Will Brazil Get What It Expects from the World Cup?

June 10 – “Will Brazil Get What It Expects from the World Cup?”, a new policy brief released by the Atlantic Council’s Adrienne Arsht Center Latin America Center, argues that the World Cup’s most important bequest won’t be shiny new stadiums or the buffed up world-class reputation the country sought with the FIFA games. The author, well-known Brazilian expert and Arsht Center non-resident senior Brazil fellow Ricardo Sennes, instead argues that it will be the massive strengthening of Brazil’s civil society, which unleashed in anger at the game’s preparations.

pdfRead the Report (PDF)

Sennes’ comprehensive look at the World Cup’s challenges comes just two days before 3 billion fans will watch the debut match in São Paulo and seven years after Brazil won the right to host the games. But, importantly, this analysis of Brazil’s preparations to host the world’s largest single-event sporting competition looks into the future to the lessons learned for the country’s next mega-event challenge: the Olympic Games in 2016.

“Brazil is at a moment of profound transition. The “model” is in doubt,” said Peter Schechter director of the Adrienne Arsht Latin America Center. “President Lula’s administration was able to elevate millions of people from poverty, but the government neglected to prepare for the downcycle. Now, reduced demand for exports and lower commodity prices are exposing the burdens of a vast state of 200 million citizens,” he said.

“Local governments will have to address new social demands on the quality of life, reflected in the quality of public services and a path of inclusion for the new middle class, not only as consumers, but also as citizens. People will remember how the World Cup articulated a new narrative for Brazil based on a new political dynamic,” said Sennes.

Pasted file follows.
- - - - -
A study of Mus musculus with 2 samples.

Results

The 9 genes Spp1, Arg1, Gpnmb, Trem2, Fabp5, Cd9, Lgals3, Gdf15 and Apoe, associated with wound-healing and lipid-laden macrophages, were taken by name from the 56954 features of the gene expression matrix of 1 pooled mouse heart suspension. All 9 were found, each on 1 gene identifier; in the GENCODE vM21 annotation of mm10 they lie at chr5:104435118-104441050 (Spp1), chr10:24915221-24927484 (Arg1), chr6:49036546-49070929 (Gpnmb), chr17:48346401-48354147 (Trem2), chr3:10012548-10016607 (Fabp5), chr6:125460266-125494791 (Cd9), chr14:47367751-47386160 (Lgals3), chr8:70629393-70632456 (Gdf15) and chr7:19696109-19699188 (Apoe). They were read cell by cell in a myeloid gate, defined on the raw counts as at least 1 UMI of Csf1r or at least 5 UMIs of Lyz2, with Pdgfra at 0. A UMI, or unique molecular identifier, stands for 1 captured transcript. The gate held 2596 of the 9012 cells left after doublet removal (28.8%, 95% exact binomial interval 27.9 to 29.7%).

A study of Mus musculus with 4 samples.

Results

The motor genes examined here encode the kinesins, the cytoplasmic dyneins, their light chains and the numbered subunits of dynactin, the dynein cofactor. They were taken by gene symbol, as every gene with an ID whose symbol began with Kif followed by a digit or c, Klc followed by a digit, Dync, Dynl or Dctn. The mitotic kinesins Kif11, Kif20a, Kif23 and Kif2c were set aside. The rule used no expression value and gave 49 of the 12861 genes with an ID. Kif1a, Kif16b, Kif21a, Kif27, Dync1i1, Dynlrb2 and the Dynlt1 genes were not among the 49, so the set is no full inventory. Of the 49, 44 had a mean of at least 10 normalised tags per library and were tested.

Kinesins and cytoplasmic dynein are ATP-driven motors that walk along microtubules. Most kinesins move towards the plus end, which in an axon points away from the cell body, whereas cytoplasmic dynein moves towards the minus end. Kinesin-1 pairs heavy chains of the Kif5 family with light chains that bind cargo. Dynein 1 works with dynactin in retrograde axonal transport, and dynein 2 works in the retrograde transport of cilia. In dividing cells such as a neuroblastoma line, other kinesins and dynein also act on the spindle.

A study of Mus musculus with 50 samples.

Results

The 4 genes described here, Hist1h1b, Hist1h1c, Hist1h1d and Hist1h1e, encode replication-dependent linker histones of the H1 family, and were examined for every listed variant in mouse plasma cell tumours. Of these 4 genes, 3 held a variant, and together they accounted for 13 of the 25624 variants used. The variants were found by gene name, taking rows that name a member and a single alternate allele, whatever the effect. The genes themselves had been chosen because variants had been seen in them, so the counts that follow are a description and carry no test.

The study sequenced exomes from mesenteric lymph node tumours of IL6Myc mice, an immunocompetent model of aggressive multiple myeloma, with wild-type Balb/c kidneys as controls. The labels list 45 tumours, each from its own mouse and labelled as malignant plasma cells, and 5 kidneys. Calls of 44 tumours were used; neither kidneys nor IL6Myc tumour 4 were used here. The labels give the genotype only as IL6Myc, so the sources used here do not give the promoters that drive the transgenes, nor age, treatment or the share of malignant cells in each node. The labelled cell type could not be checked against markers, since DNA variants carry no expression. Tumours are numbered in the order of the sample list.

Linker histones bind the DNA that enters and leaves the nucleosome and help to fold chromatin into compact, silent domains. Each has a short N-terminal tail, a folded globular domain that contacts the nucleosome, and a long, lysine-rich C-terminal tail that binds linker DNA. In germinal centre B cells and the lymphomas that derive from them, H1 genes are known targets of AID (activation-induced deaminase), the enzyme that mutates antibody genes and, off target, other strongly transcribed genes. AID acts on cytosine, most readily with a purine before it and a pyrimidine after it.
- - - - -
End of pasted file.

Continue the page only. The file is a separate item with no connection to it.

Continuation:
The report’s main findings uncovered:

  • An increasing pessimism about the lasting benefits of the World Cup. A concern visible across the nation is manifested in protests, newspaper editorials, nongovernmental organization activism on stadium cost overruns, and strikes, all with strident criticism of President Dilma.
  • Preparations for the World Cup revealed a number of political and social disputes, which have brought the complexities of Brazil’s public policies to the forefront.
  • The World Cup is a catalyst for significant change. Preparations unleashed a dynamic debate about the future of Brazil and a new development model that society envisions.
  • The World Cup will produce an unexpected legacy of a deeply strengthened democracy. Mere material outcomes like structural investments, the influx of tourism, and an enhanced international image do not adequately encapsulate the World Cup’s lasting legacy.
  • And Brazil’s future. Attitudes toward the World Cup will become a narrative for October’s presidential election.

“This policy brief is just the start of our center’s work on Brazil. This research strengthens understanding of Brazil’s current domestic situation, as well as the effect the World Cup will have on Brazil’s relationship with Latin America, the United States, and Europe,” said Jason Marczak, deputy director of the Adrienne Arsht Latin America Center.

“With Brazil set to host the 2016 Summer Olympics in just two years, this brief adds a new dimension to a timely debate with insight on the long-term imprint the World Cup will have on the nation,” he said.

The Adrienne Arsht Latin America Center is dedicated to broadening awareness of the transformational political economic and social changes throughout Latin America. Follow the Adrienne Arsht Latin America Center on Twitter @ACLatAm.